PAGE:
The Shack

Tuesday, 28 July 2009
I must admit I did struggle a little to get through this book. I found myself constantly have to go back and remember what I thought were insignificant events in the previous chapters. I also found the situation rather heavy and had to put the book down simply to reflect the gravity I had just read.

The book opens a lot of debatable questions in both heart and mind. It also challenges religion and many religious issues which under some churches would not be accepted. Thus when reading I tried to keep an open mind.

Young initially wrote The Shack as a Christmas gift for his 6 children with no obvious aim of publishing it. Some friends also read the book and encouraged him to publish it for the general public. Young and his two partners (former pastors from Los Angeles) had no success, so they formed Wind Blown Media for the sole purpose of publishing The Shack. The Shack has achieved its number 1 best selling achievement via word-of-mouth and with the help of a $300.00 web site; nothing else has been spent on marketing up to September 2007.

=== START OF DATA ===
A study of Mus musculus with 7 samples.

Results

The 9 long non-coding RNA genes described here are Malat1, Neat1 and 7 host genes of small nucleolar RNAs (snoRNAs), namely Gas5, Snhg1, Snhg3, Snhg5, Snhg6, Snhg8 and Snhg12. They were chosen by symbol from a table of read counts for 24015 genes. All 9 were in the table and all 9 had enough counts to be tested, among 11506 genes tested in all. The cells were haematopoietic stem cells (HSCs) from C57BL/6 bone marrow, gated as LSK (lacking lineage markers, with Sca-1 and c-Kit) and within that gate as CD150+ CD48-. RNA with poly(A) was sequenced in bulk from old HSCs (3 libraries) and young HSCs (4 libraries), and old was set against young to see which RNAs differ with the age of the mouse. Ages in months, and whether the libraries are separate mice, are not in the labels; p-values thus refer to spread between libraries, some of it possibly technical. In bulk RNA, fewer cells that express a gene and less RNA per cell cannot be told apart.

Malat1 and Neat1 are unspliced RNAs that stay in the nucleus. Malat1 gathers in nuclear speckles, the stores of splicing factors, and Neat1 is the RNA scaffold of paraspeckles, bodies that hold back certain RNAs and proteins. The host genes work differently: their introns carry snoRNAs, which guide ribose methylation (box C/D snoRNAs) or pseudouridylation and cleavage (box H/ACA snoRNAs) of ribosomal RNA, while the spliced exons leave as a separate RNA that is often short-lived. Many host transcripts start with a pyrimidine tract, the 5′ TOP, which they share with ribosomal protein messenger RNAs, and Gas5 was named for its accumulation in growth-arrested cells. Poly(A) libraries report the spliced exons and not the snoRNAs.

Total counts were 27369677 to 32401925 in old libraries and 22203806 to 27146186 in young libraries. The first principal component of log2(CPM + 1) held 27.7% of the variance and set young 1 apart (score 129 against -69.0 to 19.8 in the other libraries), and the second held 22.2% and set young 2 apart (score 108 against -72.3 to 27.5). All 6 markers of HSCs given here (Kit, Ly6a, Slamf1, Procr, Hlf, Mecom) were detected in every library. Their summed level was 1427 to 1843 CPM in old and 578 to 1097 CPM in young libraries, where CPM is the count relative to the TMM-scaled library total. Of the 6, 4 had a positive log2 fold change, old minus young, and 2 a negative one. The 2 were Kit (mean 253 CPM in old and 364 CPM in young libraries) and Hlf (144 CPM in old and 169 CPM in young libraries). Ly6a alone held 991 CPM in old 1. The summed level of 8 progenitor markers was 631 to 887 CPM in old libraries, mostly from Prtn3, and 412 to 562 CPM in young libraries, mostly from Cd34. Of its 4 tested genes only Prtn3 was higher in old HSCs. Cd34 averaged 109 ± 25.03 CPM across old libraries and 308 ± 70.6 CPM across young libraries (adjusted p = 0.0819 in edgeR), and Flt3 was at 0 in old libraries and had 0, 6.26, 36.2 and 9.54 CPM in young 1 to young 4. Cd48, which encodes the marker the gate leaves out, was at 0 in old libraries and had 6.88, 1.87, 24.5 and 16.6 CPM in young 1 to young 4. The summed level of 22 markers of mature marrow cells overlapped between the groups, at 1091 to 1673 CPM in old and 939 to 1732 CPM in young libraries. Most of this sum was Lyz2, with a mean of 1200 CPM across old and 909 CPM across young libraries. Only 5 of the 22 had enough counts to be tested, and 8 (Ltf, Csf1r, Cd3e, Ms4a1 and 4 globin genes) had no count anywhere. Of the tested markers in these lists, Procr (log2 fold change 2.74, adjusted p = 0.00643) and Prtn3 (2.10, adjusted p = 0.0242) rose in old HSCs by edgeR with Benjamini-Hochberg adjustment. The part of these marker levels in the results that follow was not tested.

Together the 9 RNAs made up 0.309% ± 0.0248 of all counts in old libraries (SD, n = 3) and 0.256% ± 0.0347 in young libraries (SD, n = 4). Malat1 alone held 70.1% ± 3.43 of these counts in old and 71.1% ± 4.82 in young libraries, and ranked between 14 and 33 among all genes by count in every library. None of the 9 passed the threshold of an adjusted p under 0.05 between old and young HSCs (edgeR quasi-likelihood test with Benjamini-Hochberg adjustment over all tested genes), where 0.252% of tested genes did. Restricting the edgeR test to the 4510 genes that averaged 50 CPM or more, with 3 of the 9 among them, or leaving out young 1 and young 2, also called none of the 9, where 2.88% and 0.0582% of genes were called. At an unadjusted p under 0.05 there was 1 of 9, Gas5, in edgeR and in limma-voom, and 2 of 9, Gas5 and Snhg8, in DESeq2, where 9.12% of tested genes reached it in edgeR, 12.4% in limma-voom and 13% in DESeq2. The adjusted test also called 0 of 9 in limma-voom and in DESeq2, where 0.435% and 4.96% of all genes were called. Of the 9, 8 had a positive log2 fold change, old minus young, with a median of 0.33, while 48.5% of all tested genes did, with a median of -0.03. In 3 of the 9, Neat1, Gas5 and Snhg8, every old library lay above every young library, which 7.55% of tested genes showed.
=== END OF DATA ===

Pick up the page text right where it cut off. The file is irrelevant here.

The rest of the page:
The Shack revolves around Mack (Mackenzie) Philips. Four years before this story begins, Mack’s daughter, Missy, was kidnapped during a family holiday. Although her body was never found, the police did find proof in an abandoned shack to confirm that she had been viciously murdered by a infamous serial killer who preyed on little girls. As the story starts, Mack, who has been living in the darkness of his Great Sadness, receives a bizarre letter that is apparently from God. God requests Mack to revisit the shack for a get together. Though unsure, Mack visits the scene of the crime and there has a weekend-long encounter with God, or, more properly, with the godhead.

The Shack made me reflect, made me laugh, made me curious and in some places brought me to tears. It is incredibly moving and is definitely a book that helps you to appreciate what you have, and who you have in your life. Weather you choose to believe in the possibility of the events ever happening is up to you. However I do advise it to be read with the utmost attention to detail and to imagine it as a true story. Once the book is finished a lot of the puzzle comes together and I personally am grateful to have read it.

PS. This book is not for the faint hearted!